New London gathered Wednesday morning to remember a local hero, Lt. John O’Connor, 30 years after he died while fighting a fire in the city.
“He was a faithful servant,” said Mayor Michael Passero, who worked alongside O’Connor as a firefighter at the city’s South Station in 1993.
February 1, 1993 was a bitterly cold night in New London. The fire department was down in numbers, struggling with staffing. O’Connor, a 35-year veteran of the department, was acting as lieutenant when a serious fire was called in on Truman Street.
“This fire was just consuming the building. Before John O’Connor’s engine pulled up the fire was well out of control,” said Passero, who was also working that night.
Get Connecticut local news, weather forecasts and entertainment stories to your inbox. Sign up for NBC Connecticut newsletters.
O’Connor and another firefighter were first on scene. From accounts, the two sprang into action to fight the fire and try to save the people trapped inside.
“The amount of work that was demanded of two people in seconds was superhuman -- really superhuman,” said Passero.
By the time Passero and other firefighters arrived at the scene, O’Connor had fallen to the ground. He suffered a heart attack while fighting the flames. He was pulling hose at the time.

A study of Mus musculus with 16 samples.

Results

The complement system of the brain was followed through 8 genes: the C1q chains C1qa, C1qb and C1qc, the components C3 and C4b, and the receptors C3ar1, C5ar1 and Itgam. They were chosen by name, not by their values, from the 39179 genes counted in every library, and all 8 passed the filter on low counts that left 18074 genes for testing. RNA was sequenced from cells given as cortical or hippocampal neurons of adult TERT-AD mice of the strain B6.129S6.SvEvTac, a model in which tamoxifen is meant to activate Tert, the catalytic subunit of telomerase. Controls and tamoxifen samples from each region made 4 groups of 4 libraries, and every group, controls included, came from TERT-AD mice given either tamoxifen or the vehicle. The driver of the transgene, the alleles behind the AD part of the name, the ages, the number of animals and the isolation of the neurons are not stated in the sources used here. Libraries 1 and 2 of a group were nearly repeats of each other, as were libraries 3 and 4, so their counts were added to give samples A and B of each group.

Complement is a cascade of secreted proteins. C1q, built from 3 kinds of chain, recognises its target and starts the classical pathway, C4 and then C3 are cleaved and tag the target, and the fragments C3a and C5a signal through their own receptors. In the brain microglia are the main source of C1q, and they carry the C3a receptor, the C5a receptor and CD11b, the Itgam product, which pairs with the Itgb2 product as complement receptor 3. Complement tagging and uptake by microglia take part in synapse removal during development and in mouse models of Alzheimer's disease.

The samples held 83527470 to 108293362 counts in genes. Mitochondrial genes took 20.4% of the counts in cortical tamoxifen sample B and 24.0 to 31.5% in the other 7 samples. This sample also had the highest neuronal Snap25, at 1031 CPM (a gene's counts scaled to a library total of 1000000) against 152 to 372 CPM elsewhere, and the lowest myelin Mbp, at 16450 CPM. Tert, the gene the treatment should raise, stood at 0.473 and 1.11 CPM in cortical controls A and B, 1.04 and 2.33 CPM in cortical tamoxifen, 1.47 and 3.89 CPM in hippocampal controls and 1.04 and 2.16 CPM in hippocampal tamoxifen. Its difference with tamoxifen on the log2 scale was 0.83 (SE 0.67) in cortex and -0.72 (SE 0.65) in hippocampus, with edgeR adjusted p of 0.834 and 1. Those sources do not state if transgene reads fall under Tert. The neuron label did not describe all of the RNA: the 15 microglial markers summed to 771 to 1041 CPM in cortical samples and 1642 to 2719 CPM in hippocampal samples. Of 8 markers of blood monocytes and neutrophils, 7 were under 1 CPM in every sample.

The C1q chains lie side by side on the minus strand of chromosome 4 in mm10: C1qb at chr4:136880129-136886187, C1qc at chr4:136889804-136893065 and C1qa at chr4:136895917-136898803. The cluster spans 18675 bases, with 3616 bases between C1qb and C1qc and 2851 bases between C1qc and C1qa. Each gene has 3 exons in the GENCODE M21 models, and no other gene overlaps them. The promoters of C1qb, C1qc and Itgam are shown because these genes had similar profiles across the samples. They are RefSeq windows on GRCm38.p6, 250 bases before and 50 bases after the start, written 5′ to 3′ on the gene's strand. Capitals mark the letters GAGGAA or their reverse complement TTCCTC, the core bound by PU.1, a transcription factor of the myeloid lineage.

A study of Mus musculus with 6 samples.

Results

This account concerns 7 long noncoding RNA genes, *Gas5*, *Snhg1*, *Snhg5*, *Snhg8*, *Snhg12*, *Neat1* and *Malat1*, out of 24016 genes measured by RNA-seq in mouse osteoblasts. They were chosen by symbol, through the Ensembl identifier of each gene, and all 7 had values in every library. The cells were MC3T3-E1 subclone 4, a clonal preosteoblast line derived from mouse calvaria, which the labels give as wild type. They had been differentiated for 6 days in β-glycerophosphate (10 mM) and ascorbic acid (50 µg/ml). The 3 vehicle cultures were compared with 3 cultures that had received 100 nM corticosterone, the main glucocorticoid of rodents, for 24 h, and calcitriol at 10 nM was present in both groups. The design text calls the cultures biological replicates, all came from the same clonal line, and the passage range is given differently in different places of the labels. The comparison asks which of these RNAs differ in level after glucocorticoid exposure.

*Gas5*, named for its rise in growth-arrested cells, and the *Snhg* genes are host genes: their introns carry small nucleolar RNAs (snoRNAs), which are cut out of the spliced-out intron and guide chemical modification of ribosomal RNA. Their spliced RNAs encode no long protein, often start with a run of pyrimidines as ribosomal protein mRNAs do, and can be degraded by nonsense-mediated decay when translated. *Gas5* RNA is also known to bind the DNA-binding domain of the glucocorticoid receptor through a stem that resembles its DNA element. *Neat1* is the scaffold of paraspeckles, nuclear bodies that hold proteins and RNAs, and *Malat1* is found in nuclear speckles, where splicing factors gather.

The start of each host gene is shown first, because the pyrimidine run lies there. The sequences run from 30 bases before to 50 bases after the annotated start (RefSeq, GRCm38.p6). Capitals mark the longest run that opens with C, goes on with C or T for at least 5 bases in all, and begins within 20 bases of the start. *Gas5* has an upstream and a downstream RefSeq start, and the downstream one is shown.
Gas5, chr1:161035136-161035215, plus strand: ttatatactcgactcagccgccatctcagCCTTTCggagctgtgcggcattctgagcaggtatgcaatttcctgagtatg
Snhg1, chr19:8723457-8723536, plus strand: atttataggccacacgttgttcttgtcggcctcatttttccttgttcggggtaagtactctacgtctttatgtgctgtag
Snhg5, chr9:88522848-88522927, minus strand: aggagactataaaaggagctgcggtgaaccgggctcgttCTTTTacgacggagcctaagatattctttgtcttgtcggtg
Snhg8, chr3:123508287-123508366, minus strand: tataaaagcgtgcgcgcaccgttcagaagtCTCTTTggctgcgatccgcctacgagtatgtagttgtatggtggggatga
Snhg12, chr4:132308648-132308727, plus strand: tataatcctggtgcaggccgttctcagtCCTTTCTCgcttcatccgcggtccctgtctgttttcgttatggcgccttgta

“Being there that night, I mean I was just numb -- physically numb,” said Passero. “It was just an awful situation to be in. You just kept working. You just kept working until the fire was out.”
Passero said that O’Connor was a father figure in his life.
“John O’Connor was a teacher. He had a great deal of wisdom,” said Passero. “We were not only firefighters, but we also just got along well together.”
O’Connor’s family described the night as one of the worst in their family’s history.
“It was just impossible to believe that it was all happening,” said Suzanne O’Connor, John’s daughter-in-law.
Investigators believe the fire was arson. Three people inside the home died that night as well.
“After the events of that night, the whole world changed for the fire department in New London. Since that time, the city has really focused on the need to have adequate staffing because, not only did John lose his life in that fire, but three civilians lost their life in that fire,” said Passero.
Current fire chief Tom Curcio remembers February 1 as well. He described it as a horrendous night, but also as a turning point for the department.
“It’s important to remember, and John specifically, because he was the reason why the city eventually got a staffing clause in their contract, and we continue to support that to this day for our safety.”
To this day, a picture of O’Connor hangs in each of New London’s firehouses. There is a scholarship in his name and a plaque with an eternal flame outside of City Hall.
“He died in the line of duty serving the city, selfless, trying to help others who lost their lives that night as well. It is a big deal. It is part of our family’s history. It is part of the city’s history. It is important for us to remember just from that perspective -- the honor and the serving that he gave to the city,” said Suzanne O’Connor.
Wednesday the city posthumously promoted O’Connor to lieutenant.
“Long overdue. He died acting as a lieutenant and certainly deserved that rank,” said Passero.
A street sign was also dedicated to O’Connor on Truman Street.
“It is important to us that the young firefighters have just some ways to remember him and his story. Many of the firefighters were not even born in 1993. So, keeping his story alive is very important to us,” Suzanne O’Connor said.